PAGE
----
By Kim Hollis

December 15, 2009

The pose that launched a billion dollars.


Also terrific is Kathy Bates as the Unsinkable Molly Brown, a first-class passenger who is disdained by others because she is "new" money rather than a long-time member of society. She's buoyant and upbeat, and propelled forward by a moral code that is admirable. Bernard Hill portrays Captain Edward John Smith, the man at the helm of the ship, and his fall from grace is exceedingly sad. I was also surprised to see Ioan Gruffudd in a tiny role as Fifth Officer Harold Lowe. Perhaps it's because he's able to use his natural Welsh accent here, but he's surprisingly excellent in the limited screen time he has (of course, this could be because his character is one of the best, most heroic people in the film).

The story is framed in such a way that we're told the history from Rose's point of view, and I think this is a successful device for imparting the emotion and themes Cameron is aiming for. At the beginning of the movie, treasure hunter Brock Lovett (Bill Paxton) and his crew are hell-bent on finding the priceless Heart of the Ocean, and they're even a little crass when describing the Titanic's sinking in front of her. By the end of the film, as she closes out the tale, we see that they view the story differently. No longer do they think of the Titanic as something to profit by. Instead, it's a sunken ship steeped in a sad history that meant the end of life for more than 1,500 people.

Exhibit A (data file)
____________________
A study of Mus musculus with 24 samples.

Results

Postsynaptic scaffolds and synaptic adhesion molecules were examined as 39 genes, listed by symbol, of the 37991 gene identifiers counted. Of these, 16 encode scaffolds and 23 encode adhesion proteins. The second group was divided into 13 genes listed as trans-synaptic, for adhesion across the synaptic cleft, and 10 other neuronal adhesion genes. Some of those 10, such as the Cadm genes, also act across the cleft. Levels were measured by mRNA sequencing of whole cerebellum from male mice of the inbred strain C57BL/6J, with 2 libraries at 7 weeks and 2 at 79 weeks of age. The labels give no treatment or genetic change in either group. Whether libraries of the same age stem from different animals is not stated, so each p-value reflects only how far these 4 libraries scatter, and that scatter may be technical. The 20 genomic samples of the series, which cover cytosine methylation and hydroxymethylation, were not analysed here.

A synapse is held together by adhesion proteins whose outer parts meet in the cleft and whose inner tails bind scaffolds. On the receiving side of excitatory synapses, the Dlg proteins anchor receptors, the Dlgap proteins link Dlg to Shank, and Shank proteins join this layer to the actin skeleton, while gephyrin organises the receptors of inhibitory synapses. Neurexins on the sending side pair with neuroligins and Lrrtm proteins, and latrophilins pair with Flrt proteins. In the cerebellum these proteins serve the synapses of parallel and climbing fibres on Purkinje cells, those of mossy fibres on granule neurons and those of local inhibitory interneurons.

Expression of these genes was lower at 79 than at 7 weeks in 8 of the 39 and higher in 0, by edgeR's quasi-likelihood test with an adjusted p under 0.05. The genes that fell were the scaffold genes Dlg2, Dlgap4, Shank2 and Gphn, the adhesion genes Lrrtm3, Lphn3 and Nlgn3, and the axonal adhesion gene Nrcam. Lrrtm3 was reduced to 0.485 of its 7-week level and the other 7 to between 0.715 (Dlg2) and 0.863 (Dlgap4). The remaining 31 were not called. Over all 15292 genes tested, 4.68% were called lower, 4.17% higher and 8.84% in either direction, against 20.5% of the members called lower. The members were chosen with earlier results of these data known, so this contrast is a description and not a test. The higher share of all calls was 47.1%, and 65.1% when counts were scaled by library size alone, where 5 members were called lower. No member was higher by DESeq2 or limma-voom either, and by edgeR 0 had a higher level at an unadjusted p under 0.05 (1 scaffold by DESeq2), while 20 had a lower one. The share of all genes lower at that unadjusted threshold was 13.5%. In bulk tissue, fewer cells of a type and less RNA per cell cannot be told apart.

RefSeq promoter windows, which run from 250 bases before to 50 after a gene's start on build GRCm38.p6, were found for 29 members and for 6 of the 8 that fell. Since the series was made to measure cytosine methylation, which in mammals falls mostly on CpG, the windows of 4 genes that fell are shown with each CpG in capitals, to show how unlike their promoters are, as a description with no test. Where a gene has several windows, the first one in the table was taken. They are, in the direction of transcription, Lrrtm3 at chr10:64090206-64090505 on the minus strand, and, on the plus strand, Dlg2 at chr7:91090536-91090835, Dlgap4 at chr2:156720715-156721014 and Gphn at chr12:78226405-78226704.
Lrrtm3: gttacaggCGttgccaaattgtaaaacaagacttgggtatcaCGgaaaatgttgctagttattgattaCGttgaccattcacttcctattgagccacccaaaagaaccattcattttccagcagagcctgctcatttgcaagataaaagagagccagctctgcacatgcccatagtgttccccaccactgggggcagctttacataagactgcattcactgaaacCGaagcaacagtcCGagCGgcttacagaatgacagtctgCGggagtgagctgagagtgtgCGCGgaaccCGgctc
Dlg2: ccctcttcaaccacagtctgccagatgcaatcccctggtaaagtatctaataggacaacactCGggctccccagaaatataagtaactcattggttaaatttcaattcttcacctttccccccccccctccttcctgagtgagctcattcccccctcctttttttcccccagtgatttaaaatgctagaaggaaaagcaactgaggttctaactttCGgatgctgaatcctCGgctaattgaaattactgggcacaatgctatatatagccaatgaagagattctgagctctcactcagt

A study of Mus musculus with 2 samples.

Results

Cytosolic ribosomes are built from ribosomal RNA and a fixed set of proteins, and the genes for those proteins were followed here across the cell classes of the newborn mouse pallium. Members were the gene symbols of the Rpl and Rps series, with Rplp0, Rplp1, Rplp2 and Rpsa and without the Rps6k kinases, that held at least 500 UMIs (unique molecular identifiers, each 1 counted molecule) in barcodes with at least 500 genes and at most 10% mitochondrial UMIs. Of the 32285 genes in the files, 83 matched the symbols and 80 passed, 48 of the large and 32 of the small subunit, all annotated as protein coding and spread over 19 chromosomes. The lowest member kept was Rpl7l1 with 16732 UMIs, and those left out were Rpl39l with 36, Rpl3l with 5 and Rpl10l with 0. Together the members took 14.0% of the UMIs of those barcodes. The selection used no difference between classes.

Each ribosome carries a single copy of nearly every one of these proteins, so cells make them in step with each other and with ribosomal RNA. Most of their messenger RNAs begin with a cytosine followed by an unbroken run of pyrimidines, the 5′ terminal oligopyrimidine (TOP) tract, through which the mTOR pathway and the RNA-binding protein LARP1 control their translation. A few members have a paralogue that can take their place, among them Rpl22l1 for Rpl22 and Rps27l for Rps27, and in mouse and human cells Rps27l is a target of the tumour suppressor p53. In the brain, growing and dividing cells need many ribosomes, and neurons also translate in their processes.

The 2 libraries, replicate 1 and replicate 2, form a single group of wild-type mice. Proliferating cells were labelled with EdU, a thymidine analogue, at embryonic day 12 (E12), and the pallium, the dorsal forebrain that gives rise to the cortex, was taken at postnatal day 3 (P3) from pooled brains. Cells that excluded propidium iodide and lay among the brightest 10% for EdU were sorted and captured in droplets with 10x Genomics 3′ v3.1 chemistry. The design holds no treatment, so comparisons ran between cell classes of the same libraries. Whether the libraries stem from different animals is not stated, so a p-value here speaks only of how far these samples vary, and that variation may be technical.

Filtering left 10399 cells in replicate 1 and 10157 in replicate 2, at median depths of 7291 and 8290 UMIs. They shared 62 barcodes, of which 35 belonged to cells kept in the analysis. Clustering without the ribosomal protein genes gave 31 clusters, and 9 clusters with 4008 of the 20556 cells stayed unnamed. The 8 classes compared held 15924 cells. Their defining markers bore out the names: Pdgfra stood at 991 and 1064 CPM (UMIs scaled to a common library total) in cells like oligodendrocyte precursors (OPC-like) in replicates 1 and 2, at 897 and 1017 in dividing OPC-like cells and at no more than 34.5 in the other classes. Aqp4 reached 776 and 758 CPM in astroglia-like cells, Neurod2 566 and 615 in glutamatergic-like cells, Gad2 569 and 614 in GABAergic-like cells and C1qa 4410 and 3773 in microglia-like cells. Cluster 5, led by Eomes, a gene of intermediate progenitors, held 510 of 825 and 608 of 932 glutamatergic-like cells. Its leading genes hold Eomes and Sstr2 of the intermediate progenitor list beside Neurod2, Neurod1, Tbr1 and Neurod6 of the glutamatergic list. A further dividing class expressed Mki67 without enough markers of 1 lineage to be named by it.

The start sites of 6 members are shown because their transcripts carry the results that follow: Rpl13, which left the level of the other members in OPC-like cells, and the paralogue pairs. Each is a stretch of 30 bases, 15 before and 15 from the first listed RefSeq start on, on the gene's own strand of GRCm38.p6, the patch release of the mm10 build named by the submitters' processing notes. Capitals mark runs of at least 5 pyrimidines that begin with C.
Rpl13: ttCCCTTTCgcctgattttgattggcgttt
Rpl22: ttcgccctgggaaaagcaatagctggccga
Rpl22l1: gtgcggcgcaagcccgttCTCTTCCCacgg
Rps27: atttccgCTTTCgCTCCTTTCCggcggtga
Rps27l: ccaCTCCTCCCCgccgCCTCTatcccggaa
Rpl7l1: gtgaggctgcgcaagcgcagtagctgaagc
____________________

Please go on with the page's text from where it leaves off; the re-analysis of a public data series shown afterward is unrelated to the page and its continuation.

Of course, even with the all the good in the film, there are a few things that must be criticized. The first, of course, is the bloated run time. People often make the joke that the boat actually sank more quickly than the film's three hour and 15 minutes, but the thing is, it's the truth. I do think there are elements of the film that could be cut, though I recognize that to do so would likely eliminate some of our connection to the characters.

Also, and this has become more troublesome for me in the years since the events of 9/11, I get a little squeamish about watching this real-life tragedy unfold on the screen in front of me. Cameron is quite detailed in the film, and we see people falling to their deaths, getting crushed by pieces of the ship, or freezing in the ocean. Sometimes, it feels like Cameron has crafted the movie as a big roller coaster ride, and that just doesn't feel appropriate. I understand that he wishes to immerse us in the experience, but it just feels wrong somehow.